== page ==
Trump White House shake-ups expected to continue

Officials say more changes could come this week.

President Donald Trump speaks during an inspection of border wall prototypes in San Diego, California. The trip to the "Golden State" was largely upstaged by his own announcement that he had sacked Secretary of State Rex Tillerson. Mandel Ngan / AFP
President Donald Trump speaks during an inspection of border wall prototypes in San Diego, California. The trip to the "Golden State" was largely upstaged by his own announcement that he had sacked Secretary of State Rex Tillerson. Mandel Ngan / AFP

US president Donald Trump is giving no signs of curbing his White House shake-ups, as he builds an administration in his own freewheeling image.

Following a series of high-profile departures, including the sacking of Rex Tillerson on Tuesday, analysts predict further turmoil and the removal of more members of the administration.

Iran expressed concern on Wednesday that the changes brought Mr Trump closer to his goal of abandoning the 2015 nuclear agreement.

“The United States is determined to leave the nuclear deal, and changes at the State Department were made with that goal in mind - or at least it was one of the reasons,” Iranian deputy foreign minister Abbas Araghchi said, according to It is a semi-official news agency ISNA.

Meanwhile more details have emerged of Mr Tillerson’s removal.

He was fired in a tweet soon after returning from a trip to Africa where he was struck down by food poisoning.

It followed Mr Trump’s announcement last week that he would meet North Korean's Kim Jong Un, a decision made without consulting his chief diplomat – a move that frustrated Mr Tillerson and privately pleased a president who told aides he found the process easier without his secretary of state, according to the Washington Post.

Mr Tillerson was woken up at 2 am by a telephone call from John Kelly, the White House chief of staff, who relayed Mr Trump’s displeasure and reportedly told him the president wanted him out.

In the aftermath, Mr Trump revealed that a difference in worldviews was to blame.

“I'm really at a point where we're getting very close to having the Cabinet and other things that I want,” he said.

Officials say more changes could come this week.

According to Washington speculation, the next in line could be David Shulkin - the veteran affairs secretary who misused taxpayer money during a trip to Europe last year - or HR McMaster, the national security adviser whose briefing style has irked the president.


Comment: The dissenting voices have been silenced in the White House

Editorial: The end of Tillerson's ineffectual tenure comes as no surprise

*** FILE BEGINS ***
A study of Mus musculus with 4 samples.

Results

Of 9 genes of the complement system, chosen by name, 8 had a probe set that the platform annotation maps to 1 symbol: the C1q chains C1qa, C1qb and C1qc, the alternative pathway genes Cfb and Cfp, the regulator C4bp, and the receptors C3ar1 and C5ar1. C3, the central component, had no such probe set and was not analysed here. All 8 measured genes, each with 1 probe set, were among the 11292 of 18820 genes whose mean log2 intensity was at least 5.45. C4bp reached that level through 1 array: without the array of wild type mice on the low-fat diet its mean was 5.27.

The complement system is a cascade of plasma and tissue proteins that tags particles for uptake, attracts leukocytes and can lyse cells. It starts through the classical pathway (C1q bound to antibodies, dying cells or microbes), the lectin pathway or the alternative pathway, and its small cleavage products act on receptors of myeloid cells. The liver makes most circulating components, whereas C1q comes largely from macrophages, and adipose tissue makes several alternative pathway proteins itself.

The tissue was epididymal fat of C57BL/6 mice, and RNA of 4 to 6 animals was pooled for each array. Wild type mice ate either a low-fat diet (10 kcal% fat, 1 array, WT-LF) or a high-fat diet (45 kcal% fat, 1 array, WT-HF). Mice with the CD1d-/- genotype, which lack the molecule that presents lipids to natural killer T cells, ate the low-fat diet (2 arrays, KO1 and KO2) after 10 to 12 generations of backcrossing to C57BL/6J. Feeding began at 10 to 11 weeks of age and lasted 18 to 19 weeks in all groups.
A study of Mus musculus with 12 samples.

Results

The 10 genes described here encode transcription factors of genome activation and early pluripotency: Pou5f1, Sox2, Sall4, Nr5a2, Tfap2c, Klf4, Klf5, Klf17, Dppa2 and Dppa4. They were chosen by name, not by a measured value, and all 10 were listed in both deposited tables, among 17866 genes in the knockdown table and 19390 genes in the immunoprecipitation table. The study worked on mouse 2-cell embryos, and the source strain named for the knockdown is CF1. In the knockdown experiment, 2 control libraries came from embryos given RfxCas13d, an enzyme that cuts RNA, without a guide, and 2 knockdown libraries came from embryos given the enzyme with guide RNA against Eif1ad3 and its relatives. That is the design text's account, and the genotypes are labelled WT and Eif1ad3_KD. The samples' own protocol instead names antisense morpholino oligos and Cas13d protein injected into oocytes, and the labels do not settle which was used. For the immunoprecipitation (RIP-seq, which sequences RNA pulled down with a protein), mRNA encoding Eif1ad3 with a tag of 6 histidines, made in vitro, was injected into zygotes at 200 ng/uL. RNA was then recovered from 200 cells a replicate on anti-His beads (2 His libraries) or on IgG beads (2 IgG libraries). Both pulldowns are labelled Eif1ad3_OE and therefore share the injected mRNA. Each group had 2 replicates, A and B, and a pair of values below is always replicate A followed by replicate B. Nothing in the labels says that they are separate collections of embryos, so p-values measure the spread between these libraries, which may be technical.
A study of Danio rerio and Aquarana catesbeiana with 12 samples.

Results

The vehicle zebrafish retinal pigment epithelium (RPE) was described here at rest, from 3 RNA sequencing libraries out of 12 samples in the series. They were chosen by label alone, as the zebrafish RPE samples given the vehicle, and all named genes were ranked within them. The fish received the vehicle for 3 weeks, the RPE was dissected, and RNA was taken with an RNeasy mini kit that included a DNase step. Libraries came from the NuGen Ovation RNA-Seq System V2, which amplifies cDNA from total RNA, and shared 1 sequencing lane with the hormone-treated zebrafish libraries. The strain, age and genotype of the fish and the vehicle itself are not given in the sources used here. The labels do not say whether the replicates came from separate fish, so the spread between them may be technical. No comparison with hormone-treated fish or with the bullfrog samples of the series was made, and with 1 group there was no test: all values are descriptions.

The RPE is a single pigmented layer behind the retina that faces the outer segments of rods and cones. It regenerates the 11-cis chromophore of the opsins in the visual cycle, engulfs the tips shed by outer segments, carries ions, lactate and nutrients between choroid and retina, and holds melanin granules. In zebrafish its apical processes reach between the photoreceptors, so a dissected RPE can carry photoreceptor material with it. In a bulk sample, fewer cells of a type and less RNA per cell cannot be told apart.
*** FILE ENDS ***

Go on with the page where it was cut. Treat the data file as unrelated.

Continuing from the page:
Mike Pompeo: From soldier and spy chief to diplomat


“Trump is becoming more comfortable with the expanse of his powers and the idea that he can fire anyone he wants at any time he wants,” he said.

“There’ll be more of this in the next months and he can say he is preparing for re-election, or the mid-terms, or North Korean talks.”

Mr Tillerson’s departure follows that of Gary Cohn, a former Goldman Sachs banker who resigned from his post as chief White House economic adviser after Mr Trump pressed ahead with populist plans to impose tariffs on imports of aluminium and steel.

Governments around the world are now trying to understand the impact of the changes.

The Kremlin said it hoped for a constructive and sober approach to relations between Russia and the United States, while the Turkish foreign minister said he wanted a “"mutually respectful" relationship.

In Iran, the Javan newspaper, believed to be close to the Revolutionary Guard, also said the removal of Mr Tillerson signalled the end of the 2015 nuclear agreement, known as the Joint Comprehensive Plan of Action (JCPOA).

Either way, analysts suggested it meant moderates were losing ground in the Trump administration.

Reva Goujon, vice-president of geopolitical intelligence platform and publisher Global Analysis at Stratfor wrote: "even if the nuclear deal survives on European life support, Iran can clearly see that the pragmatists in the administration advocating a more balanced approach to the JCPOA are on the decline while hawks like Pompeo and US Ambassador to the United Nations Nikki Haley are on the rise.”

The same goes for American observers although there is hope that Mr Pompeo’s close alliance with the president could help the State Department regain ground lost under Mr Tillerson.

"Tillerson’s ouster is a sign of continued turbulence in US foreign policy,” said Jessica Chen Weiss, a Cornell University professor. “A potential silver lining is that the State Department will fare better under someone who has Trump's ear.”